Media, ethics, and journalism. What works. What doesn't.

Jeffrey Dvorkin

Thursday, March 26, 2015

CTV Management 1: CBC Management 0

 Once in a while a senior media executive gets confused and thinks that he owns a widget factory instead of an idea-generating enterprise. This person actually believes that he can get a group of journalists to do what he tells them to, allegedly in the interests of the company (aka, himself).

Journalists are often accused of disloyalty by management because if it comes to a choice between the values of journalism and the reputation of the organization, most journalists tend to opt for the former.

Not in all cases, it must be admitted. A journalists' own loyalty to his or her paycheque often places the scribe in impossible conflicts. But as a general principle, most journalists would prefer to plant a flag in the soil of doing what's right, journalistically.

Some media managers have to find out the hard way as did Kevin Crull, the president and CEO of Bell Media, the conglomerate that owns, among other media properties, CTV, Canada's most popular and still commercial television network.

Crull was reported outraged at seeing the head of the Canadian broadcast regulator, Jean-Pierre Blais, interviewed on CTV programs. This, after the regulator, the CRTC ruled in favour of cheaper cable costs and against the commercial broadcasters and the cable companies. So in Canada, beginning next year, the cash-cows of Canadian cable must offer a much cheaper (aka "skinny") basic cable for $25. Individuals may then opt for additional programs and pay more for the choice.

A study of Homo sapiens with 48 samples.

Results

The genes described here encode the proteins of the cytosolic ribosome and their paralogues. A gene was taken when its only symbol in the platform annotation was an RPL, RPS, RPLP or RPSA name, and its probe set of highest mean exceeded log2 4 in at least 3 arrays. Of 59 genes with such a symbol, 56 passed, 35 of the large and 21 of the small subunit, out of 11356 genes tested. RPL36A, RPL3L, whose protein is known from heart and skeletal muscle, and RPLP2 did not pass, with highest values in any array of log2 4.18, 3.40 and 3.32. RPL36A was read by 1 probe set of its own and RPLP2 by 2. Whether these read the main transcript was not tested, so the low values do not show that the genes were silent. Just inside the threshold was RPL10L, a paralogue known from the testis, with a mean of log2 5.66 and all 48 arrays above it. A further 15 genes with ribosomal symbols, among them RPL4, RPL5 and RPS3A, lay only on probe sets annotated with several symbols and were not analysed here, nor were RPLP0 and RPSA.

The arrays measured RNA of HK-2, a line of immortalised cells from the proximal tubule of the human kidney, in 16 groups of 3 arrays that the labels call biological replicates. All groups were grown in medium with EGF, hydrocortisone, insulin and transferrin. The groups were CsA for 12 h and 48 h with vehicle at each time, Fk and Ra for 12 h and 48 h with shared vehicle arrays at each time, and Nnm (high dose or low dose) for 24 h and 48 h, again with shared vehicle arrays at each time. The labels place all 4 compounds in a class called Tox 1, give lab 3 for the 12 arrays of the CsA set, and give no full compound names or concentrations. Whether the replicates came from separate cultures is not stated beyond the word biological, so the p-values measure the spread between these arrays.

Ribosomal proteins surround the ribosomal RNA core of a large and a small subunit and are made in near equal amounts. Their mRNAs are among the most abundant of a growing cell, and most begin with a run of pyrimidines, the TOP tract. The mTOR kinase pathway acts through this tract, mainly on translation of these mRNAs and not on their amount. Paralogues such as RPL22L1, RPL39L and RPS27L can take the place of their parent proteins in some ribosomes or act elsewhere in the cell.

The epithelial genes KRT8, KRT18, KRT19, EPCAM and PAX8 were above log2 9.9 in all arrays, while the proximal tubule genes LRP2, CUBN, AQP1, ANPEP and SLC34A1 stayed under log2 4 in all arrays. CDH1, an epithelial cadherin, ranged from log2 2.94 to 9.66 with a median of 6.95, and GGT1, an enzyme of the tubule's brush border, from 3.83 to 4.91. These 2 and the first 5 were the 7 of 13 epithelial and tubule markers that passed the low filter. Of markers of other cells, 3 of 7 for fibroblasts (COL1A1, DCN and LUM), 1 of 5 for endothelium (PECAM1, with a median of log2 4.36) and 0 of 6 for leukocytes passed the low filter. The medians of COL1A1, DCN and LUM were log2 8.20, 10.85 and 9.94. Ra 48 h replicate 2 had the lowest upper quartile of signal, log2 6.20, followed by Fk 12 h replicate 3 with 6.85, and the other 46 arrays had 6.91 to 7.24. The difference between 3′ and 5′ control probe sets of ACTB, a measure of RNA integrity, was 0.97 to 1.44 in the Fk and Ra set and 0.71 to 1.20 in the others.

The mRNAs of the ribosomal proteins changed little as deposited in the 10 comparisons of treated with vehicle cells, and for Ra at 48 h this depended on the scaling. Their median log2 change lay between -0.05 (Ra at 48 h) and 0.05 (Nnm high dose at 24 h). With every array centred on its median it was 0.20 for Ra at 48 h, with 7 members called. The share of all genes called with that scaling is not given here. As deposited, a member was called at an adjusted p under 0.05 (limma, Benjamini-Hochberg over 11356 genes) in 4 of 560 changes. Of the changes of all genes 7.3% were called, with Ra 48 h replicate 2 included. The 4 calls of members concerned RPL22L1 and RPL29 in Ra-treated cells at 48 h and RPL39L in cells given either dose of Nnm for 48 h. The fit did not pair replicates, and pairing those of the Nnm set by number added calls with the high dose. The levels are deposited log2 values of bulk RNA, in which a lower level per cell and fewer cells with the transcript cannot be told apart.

Seeing Blais on "his" networks apparently outraged Crull. He ordered the head of the news network to ban him from appearing. Wendy Freeman, the president of CTV News passed along the fiat, which was quickly disobeyed by her senior journalists including, it is said, the host of the flagship newscast, Lisa LaFlamme and the senior Parliamentary correspondent Robert Fife.

When presented with a revolt based on journalistic principles, Crull caved and was forced to back down. He released a statement of apology.

Sources inside CTV say that this is not the first time Crull has attempted to influence the editorial staff and in fairness, even the boss should have a chance to get his point of view across. Whether journalists feel they must obey or be fired, is another matter. And presumably, it will not be the last time this happens. Next time, it may happen with a bit more managerial finesse.

Meanwhile over at the public broadcaster, the CBC's editor-in-chief, Jennifer McGuire has announced more than 140 job losses in local news in English Canada. Another 100 are going in French-speaking parts of the country.

No statement of apology for this wilful dismantling of a once proud news organization.